A single extra copy of Down syndrome critical region 1–4 results in impaired hepatic glucose homeostasis

Dong Soo Seo, Gia Cac Chau, Kwan-Hyuck Baek, Sung Hee Um

The prevalence of diabetes in children with Down syndrome is threefold higher than in unaffected children. Additionally, metabolic syndrome and type 2 diabetes occur at relatively early ages in those with Down syndrome. However, the molecular basis of dysregulated glucose homeostasis in patients with Down syndrome is not well understood. Seo et al. investigated the role of Down syndrome critical region 1-4 (DSCR1-4) in the liver by introducing a single extra copy of DSCR1-4 into mice. Their analysis reveals that a single extra copy of DSCR1-4 increases hepatic glucose production and expression of gluconeogenic genes, resulting in pathological states such as insulin resistance and pyruvate intolerance.

Objectives: During fasting, hepatic gluconeogenesis is induced to maintain energy homeostasis. Moreover, abnormal dysregulation of hepatic glucose production is commonly observed in type 2 diabetes. However, the signaling components controlling hepatic glucose production to maintain normal glucose levels are not fully understood. Here, we examined the physiological role of Down syndrome critical region 1–4 (DSCR1-4), an endogenous calcineurin signaling inhibitor in the liver that mediates metabolic adaptation to fasting.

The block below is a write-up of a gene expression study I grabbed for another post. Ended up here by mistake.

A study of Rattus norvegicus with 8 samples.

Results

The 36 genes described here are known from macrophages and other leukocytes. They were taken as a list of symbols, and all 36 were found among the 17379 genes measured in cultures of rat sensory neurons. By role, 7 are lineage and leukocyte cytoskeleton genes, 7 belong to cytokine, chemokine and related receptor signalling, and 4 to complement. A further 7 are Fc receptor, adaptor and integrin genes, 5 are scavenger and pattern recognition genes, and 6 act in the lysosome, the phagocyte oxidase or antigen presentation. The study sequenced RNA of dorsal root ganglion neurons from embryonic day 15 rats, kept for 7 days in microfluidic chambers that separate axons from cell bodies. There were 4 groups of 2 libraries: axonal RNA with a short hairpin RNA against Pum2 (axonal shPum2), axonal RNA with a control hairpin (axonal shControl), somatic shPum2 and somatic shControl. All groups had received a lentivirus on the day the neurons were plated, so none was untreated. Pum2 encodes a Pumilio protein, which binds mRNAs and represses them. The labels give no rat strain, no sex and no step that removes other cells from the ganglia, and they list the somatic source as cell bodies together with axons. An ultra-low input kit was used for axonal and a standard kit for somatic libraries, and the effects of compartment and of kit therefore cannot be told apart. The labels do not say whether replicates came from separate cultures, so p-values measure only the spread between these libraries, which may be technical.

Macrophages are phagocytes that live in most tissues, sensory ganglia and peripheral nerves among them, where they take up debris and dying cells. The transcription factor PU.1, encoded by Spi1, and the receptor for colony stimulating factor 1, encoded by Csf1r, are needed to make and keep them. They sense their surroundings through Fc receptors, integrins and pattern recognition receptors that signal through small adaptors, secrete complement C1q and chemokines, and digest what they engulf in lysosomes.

Methods: We assessed the effect of cyclosporine A, an inhibitor of calcineurin signaling on gluconeogenic gene expression in primary hepatocytes. DSCR1-4 expression was examined in diet- and genetically-induced mouse models of obesity. We also investigated the metabolic phenotype of a single extra copy of DSCR1-4 in transgenic mice and how DSCR1-4 regulates glucose homeostasis in the liver.

Results: Treatment with cyclosporin A increased hepatic glucose production and gluconeogenic gene expression. The expression of DSCR1-4 was induced by refeeding and overexpressed in obese mouse livers. Moreover, transgenic mice with a single extra copy of DSCR1-4 exhibited pyruvate intolerance and impaired glucose homeostasis. Mechanistically, DSCR1-4 overexpression increased phosphorylation of the cAMP response element-binding protein, which led to elevated expression levels of gluconeogenic genes and, thus, enhanced hepatic glucose production during fasting.

Conclusions: A single extra copy of DSCR1-4 results in dysregulated hepatic glucose homeostasis and pyruvate intolerance. Our findings suggest that nutrient-sensitive DSCR1-4 is a novel target for controlling hepatic gluconeogenesis in diabetes.